The chipmaker gets some marquee partnerships.
July 4, 2012

Sometimes we get so excited about the features and form factor of a device, we forget about what’s inside. As the brains behind the Microsoft Surface tablet and the Google Nexus 7, Nvidia’s Tegra chip is fast becoming one of the more important components out there. Its mobile business in particular is “gaining momentum,” per one analyst.

Previously, notes BusinessWeek, the chip market has been dominated by Qualcomm’s Snapdragon chips, as well as Apple’s proprietary A4 and A5 chips. But Tegra is taking off.

The Tegra 3 will not only power the Microsoft and Google tablets; it’s also the brains behind a couple of in-car infotainment systems, including the ones found in forthcoming Lamborghini and Audi models. Tesla Motors’ Model S sedan will also be using the chip. Fully 30 devices running on Tegra are expected to debut this year.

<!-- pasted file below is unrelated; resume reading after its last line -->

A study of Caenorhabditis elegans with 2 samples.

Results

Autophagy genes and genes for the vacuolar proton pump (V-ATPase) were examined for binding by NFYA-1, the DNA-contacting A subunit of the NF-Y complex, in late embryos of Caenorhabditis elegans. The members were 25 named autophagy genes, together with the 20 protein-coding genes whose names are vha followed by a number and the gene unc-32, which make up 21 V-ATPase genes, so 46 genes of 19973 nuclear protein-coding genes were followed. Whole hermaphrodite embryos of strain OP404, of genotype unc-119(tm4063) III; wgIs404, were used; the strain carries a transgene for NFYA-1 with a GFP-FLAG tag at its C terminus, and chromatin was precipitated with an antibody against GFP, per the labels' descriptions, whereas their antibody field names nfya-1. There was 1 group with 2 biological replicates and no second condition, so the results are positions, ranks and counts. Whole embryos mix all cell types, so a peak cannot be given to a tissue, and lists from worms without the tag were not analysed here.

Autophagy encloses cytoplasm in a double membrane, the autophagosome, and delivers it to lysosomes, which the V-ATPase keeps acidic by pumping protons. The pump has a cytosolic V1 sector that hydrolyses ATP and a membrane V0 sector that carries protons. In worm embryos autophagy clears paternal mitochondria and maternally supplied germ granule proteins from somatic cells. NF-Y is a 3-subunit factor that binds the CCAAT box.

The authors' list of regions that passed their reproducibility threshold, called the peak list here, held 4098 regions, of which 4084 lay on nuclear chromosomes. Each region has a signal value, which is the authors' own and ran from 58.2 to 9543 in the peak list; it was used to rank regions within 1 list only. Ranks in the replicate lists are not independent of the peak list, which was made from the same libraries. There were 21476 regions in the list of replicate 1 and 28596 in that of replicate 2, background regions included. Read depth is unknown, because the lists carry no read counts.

Nvidia is hardly a startup, of course, even if its moment of glory is only arriving in full splendor now. The Santa Clara company has been around since 1993, in fact, and has long been known for its chips’ ability to handle graphics processing at a high level. Indeed, a quad-core Tegra 3 was at the heart of what I called “the fastest tablet ever (for now)” back in November. At the time, the claim was that the Tegra 3 fully quintupled performance over the Tegra 2 (though some were skeptical).

Even though the Tegra 3 is only now having its moment in the sun, it’s not too late to start contemplating the Tegra 4, which is likely to appear in the first quarter of 2013, per recently leaked documents.

One fun tradition in the Tegra line is that upcoming products are codenamed after superheroes (the Tegra 3 was called “Kal-El,” Superman’s birth name), making reading about Tegra chips sometimes feel like you’re reading about “The Avengers.” Certainly, it’s been a blockbuster couple of weeks for Nvidia.